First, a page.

Q+A: Why is a 3rd storey home addition so expensive?

Q: I’ve been talking with general contractors about building a third floor addition, and many are saying it will cost $400 to $600 per square foot. Why so much?

A: In a previous article we said that a third storey addition can be 50% more costly on a per square foot basis than other home addition projects. Let’s go further in depth why these projects are more costly than most house additions:

Height

The main factor which increases costs is the height of the building. As height increases, the cost of moving material and labour to the higher level becomes more costly. It also requires different types and more expensive equipment – longer ladders, more scaffolding, material and equipment lifts. Along with additional equipment requirements comes the additional labour cost of setting up equipment.

Removing the existing roof is more costly. Taking the roof off a bungalow, material only has to be dropped one-storey. Taking the roof off a two storey home – demolition waste has to be lowered 20 feet – a more precarious undertaking.

During contruction, extra care must be taken not to damage the house and adjacent properties from construction activities and potential falling materials.

Location Logistics

Most third storey additions are built on small properties in more densely populated areas. Why? Because the homes are already two stories, and building to the back, front or side is not an option due to the size of the lot.

Working in a more densely populated area and on a small parcel of land creates a whole set of logistical issues, that include material deliveries, material storage, waste removal, and parking.

Parking – Homes in older neighbourhoods don’t have driveways, and street parking is limited. In some neighbourhoods, parking is limited to 1 hour, in others, there’s no street parking permitted before 10am. We recently looked at a third storey house addition project, and the homeowner helpfully suggested we could use the nearby Green P parking lot. Only $1.50 per half hour, but over the course of the project it would amount to $7,500. For those that like to price things on a per square foot basis, that works out to $15 per square foot on a 500 SF third storey addition.

Waste Management – The ideal situation on a construction project is to have a disposal bin on site. Waste can be placed in a bin on a daily or even hourly basis, keeping the site clean. Many third storey addition projects don’t have space to place a dumpster. Waste is thus removed by a waste removal company, using smaller trucks, and leading to double handling of waste materials. In our experience this adds thousands of dollars to the cost of a project.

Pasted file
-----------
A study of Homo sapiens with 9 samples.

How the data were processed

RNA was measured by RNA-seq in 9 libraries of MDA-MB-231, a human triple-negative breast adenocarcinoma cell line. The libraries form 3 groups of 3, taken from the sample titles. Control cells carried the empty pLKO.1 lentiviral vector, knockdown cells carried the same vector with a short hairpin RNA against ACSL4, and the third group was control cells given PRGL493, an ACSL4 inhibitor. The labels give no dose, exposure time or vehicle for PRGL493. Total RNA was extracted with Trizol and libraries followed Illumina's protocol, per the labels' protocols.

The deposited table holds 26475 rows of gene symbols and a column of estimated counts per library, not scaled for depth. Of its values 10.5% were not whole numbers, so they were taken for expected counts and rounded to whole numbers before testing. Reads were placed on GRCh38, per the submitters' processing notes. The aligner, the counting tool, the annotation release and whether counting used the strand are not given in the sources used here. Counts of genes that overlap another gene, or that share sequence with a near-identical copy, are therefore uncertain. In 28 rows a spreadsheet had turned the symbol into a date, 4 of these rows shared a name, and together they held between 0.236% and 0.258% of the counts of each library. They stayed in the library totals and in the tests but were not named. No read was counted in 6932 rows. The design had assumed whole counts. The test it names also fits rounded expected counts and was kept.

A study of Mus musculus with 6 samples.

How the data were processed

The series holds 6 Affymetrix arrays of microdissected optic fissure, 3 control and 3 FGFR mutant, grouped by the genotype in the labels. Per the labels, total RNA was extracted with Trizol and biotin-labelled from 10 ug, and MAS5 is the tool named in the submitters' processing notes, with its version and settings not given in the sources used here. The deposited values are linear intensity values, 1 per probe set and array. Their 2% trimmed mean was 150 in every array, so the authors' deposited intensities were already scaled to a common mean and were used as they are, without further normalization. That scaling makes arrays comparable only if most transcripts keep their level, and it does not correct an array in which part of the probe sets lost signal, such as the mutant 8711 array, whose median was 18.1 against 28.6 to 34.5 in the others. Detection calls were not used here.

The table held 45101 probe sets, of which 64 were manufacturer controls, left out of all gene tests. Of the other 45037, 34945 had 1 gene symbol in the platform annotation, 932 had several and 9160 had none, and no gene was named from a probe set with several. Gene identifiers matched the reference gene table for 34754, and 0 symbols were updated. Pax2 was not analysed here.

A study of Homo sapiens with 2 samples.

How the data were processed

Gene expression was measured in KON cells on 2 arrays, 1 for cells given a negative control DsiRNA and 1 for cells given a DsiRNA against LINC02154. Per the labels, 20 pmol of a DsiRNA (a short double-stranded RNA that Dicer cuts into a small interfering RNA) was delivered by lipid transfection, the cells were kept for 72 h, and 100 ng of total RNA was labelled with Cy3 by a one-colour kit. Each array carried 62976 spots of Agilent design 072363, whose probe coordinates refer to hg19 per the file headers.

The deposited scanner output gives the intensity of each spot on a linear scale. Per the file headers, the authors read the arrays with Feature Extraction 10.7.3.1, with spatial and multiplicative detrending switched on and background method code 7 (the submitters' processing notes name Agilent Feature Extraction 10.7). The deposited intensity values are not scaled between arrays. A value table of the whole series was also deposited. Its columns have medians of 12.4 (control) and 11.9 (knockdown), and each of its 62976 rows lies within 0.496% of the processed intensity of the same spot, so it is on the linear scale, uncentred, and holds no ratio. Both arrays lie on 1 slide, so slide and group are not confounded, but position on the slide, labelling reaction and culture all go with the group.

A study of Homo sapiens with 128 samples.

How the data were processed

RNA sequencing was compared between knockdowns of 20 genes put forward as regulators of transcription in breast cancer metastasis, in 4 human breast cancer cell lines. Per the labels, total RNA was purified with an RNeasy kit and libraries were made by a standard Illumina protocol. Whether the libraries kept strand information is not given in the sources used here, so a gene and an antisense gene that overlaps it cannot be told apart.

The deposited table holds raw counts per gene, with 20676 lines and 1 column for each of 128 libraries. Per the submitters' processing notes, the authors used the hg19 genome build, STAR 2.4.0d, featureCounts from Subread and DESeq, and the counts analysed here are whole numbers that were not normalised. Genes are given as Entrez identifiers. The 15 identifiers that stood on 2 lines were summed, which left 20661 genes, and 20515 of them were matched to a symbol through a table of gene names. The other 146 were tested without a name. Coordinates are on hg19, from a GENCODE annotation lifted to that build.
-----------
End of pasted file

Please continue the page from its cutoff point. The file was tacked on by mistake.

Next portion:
Mechanical Systems

Connections to electrical, heating systems and usually plumbing systems need to be made to serve the new third floor of the home.

Connecting these systems will cause disruptions on the lower floors of the house, and repairs to drywall and paint will need to be made. Some of these connections have to go directly to the basement, so all floor of the home end up being affected.

Heating and cooling of the 3rd floor is always a concern. Existing hvac systems are often under-sized to serve an additional floor of the house. The options are to replace the entire heating system in the home, or have a separate hvac system to serve the third floor space. Either way, the costs are often higher than the typical house addition project.

Age Of Building

Most third floor additions are built onto homes that are older. Older homes are more costly to renovate for a wide variety of reasons. All things being equal, a third storey addition on a home built in 1920 will cost more than adding a third floor to a house that was built in 1980.

Proximity To Property Line

Many third storey additions are built close to property lines. Homes built close to the property line are required to meet certain fire separation requirements, which leads to additional material and labour costs. Materials affected could be the type of cladding material on the exterior, or the type of drywall installed on the interior side walls.

With a 3rd storey, no single item creates a huge increase in cost. But when combining all the different factors, the additional cost per square foot is significant compared to other house addition projects.

Want to know more about 3rd storey house additions? Read Third Floor Additions: 5 Things You Need To Know.